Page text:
Economic incentives Featured

8:00pm EDT March 26, 2008

When selecting a site for business operations, or considering a move, the availability of government economic incentives might just help in the decision-making process. In an effort by the state to remain competitive, incentive programs serve the purpose of boosting business in the right locations, creating a win-win situation.

Smart Business spoke to Victor Murray, senior vice president of CresaPartners, Princeton, New Jersey, about how incentives can affect where businesses chose to reside.

How might incentives fit into site selection?

The four major corporate resources — capital, people, technology and information — are constantly being transformed to accommodate the core businesses that they support. By contrast, the fifth corporate resource (real estate) is far less flexible and requires considerable research, in-depth local knowledge and tactical forecasting in order to address the dynamic needs of the other four resources. Most incentive packages attempt to offer a broad array of incentives that can address each (or many) of these resources, since once a site has been selected the prospect of leaving anytime soon is not likely.

My collegue Tim Myllykangas, a principal in our CresaPartners office in Boston, works with incentive programs there and says that, although not always the top criterion at the first phase of a typical site selection project, once a short-list has been developed, incentives can rise to the top as a key factor for selecting the finalist community. Unfortunately, he says most CFOs place a zero value on corporate tax credits, which then reduces the overall incentive package value of some cities/states by 25 to 75 percent. Above-the-line incentives can make or break a final decision since start-up costs are so significant for most projects.

What kinds of incentives are available?

There’s an interest on the part of the state to encourage redevelopment or revitalization in places where it wouldn’t normally occur, so their incentives are really tailored to that. Many incentive packages are put together with equipment and employee investment tax credit programs, like they do in urban areas where there’s high unemployment and low inventory of unchallenged sites.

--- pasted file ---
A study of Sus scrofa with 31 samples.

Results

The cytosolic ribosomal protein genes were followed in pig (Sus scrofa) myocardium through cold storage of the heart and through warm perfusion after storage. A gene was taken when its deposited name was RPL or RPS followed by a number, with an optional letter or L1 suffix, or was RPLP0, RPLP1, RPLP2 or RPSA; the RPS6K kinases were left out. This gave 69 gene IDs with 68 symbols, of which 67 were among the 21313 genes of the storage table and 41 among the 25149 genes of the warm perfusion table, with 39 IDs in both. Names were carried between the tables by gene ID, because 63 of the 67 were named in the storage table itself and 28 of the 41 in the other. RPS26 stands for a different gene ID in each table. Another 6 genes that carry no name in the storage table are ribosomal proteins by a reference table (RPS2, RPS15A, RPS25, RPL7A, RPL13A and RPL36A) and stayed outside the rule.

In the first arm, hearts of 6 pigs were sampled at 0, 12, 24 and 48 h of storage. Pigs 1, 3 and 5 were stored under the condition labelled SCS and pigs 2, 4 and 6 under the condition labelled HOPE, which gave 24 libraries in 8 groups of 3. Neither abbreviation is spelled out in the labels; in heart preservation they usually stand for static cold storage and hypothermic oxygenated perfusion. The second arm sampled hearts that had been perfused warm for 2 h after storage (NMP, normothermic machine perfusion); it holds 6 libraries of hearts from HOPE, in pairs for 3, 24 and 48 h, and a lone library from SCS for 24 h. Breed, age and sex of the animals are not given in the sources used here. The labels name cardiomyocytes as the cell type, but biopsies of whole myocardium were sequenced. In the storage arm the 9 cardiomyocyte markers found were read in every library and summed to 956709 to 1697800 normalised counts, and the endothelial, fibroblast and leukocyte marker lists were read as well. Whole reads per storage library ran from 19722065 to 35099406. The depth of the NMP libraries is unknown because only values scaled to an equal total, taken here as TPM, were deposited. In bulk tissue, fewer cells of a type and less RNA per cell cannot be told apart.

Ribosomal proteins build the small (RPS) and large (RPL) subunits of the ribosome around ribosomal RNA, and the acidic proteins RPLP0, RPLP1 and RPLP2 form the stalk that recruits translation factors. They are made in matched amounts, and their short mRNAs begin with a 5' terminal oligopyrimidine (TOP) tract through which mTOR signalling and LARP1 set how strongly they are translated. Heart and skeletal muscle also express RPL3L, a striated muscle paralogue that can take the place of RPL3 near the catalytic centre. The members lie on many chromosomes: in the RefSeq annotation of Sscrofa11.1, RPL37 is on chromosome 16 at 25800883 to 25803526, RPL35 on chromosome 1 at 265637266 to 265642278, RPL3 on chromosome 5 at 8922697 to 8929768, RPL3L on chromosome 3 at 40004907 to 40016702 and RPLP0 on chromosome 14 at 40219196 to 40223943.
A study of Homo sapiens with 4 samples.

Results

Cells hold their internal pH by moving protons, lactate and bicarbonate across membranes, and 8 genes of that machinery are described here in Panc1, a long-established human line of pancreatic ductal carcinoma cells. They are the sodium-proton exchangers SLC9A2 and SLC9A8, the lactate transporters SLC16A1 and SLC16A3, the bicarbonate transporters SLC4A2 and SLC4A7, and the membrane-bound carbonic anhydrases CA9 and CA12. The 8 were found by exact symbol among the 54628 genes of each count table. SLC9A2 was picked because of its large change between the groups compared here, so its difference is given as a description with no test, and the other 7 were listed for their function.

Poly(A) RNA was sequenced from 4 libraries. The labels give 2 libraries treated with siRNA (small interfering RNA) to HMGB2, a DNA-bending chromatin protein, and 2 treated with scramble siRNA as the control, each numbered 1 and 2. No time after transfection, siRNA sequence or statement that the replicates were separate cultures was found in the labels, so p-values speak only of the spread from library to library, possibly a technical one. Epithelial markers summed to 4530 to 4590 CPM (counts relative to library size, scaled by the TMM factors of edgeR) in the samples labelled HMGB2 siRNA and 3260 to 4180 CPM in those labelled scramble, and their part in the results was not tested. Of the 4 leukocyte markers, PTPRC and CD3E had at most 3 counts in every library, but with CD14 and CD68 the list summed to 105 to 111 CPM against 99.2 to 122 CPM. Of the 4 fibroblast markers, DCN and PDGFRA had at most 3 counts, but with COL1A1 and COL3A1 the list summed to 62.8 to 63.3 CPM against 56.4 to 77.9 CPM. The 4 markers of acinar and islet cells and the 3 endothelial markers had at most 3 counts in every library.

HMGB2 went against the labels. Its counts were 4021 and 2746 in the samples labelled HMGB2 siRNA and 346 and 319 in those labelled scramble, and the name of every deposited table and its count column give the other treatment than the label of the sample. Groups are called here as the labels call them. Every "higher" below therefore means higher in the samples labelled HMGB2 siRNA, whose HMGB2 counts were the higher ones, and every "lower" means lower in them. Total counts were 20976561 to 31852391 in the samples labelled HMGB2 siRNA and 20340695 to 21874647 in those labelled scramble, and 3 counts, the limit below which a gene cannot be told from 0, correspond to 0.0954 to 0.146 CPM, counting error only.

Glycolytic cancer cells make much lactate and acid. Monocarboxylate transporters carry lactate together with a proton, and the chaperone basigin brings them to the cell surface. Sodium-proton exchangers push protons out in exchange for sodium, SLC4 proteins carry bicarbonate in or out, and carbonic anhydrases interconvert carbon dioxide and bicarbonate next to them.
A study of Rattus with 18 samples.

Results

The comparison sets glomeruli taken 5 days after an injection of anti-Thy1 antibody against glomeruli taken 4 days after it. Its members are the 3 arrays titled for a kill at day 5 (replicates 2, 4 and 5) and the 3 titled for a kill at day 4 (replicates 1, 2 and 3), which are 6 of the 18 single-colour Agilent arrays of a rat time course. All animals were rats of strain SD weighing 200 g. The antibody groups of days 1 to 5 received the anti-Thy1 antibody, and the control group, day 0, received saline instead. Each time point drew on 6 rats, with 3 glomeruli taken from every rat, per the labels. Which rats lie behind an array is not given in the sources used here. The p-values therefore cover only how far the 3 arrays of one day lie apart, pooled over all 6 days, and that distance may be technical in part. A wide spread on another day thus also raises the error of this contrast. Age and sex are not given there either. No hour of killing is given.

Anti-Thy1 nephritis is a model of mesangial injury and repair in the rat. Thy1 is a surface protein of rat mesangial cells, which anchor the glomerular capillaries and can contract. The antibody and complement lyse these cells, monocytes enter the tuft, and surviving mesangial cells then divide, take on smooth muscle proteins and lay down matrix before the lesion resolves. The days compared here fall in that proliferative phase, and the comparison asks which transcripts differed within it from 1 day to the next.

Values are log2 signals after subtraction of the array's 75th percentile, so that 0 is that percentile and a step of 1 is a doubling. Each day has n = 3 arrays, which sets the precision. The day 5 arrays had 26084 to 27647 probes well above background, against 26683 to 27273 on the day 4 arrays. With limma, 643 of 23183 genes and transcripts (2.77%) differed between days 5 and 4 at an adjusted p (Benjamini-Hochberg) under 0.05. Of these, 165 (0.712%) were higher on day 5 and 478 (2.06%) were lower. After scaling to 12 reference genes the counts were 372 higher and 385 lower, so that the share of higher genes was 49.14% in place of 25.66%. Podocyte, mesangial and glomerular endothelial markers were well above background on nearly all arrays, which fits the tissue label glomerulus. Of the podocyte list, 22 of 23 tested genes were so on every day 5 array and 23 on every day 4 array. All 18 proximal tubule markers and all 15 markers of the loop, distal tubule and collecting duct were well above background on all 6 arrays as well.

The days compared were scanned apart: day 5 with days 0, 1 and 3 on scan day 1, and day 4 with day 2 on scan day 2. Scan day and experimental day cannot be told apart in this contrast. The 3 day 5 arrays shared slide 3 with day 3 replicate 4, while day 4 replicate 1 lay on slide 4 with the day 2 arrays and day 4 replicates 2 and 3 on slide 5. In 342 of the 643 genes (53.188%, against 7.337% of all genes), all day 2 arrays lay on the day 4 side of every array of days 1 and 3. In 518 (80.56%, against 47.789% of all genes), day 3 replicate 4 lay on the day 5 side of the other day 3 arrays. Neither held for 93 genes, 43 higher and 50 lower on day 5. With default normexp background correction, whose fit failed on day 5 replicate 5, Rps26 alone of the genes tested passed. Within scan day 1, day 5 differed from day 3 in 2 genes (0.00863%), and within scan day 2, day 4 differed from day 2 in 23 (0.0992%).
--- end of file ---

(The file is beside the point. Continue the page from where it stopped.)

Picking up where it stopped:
There are incentives tailored to spurring geographic diversity and urban redevelopment, like opportunity zones. Pennsylvania has ‘keystone’ opportunity zones and they’ve used that with significant success in going to geographically remote areas, like the Scranton and northeast areas, to try to encourage businesses to locate there.

Business employment incentive programs (BEIPs), what we have in New Jersey, are really grants focusing more on the hard assets, like the employment and personnel side. They are offered to companies that are either expanding within the state or who are considering relocating here. In a BEIP, a company can be refunded 10 to 15 percent of the taxes that it pays if it’s in a smart growth area. Or, in an area where they really want to encourage growth, it might be refunded 80 percent of its taxes. There’s various limits depending on whether it’s in an area where the state is really encouraging growth.

Which businesses are good candidates?

Some incentives are tailored toward the larger organizations — 250 people or more — and at any given time the states do change those entry levels for where you can participate. Qualification can vary based on the industry. Sometimes programs are tailored toward technology companies; others are tailored more toward manufacturing or offices.

Are there limitations?

That’s something that changes on a fairly infrequent basis — but it can change. Some of the programs are victims of their own successes, in that it encourages more and more people to participate. Some of the states do cap their incentives because of tough times. They want to continue them, but realize that it comes at a cost. So there is a tendency to start limiting what they can contribute or offering some incentives in lieu of others based on where their financial resources are.

How can companies learn more about programs available to them?

The world of incentives has become very complex in recent years and the need for sophisticated specialists with experience is critical to maximizing your opportunities. At CresaPartners, we’ve seen many companies think they did a great job getting $3 million in incentives, never knowing they could have received $5 million if they’d had specialists on their team focused on the detailed process of negotiating multiple programs in parallel, as well as multiple cities and states. A preliminary estimate or range of potential incentives can be provided quickly by consultants once basic project parameters are known.

One way is to go individually to the different regions that you’re considering or the different state economic development groups. There are also trade associations and real estate adviser groups that specialize in tax and incentive programs. We recommend engaging a qualified professional that can be a single source who has access to all of the areas you might be considering. Dealing directly is also time consuming. And without a proper confidentiality program in place, you let the entire community, not just your intended audience, know that you are out in the market looking; your anonymity is lost and you’ll get barraged by economic groups in every state pursuing you.

VICTOR MURRAY is senior vice president of CresaPartners, Princeton, NJ. Reach him at vmurray@cresapartners.com or (609) 452-8200.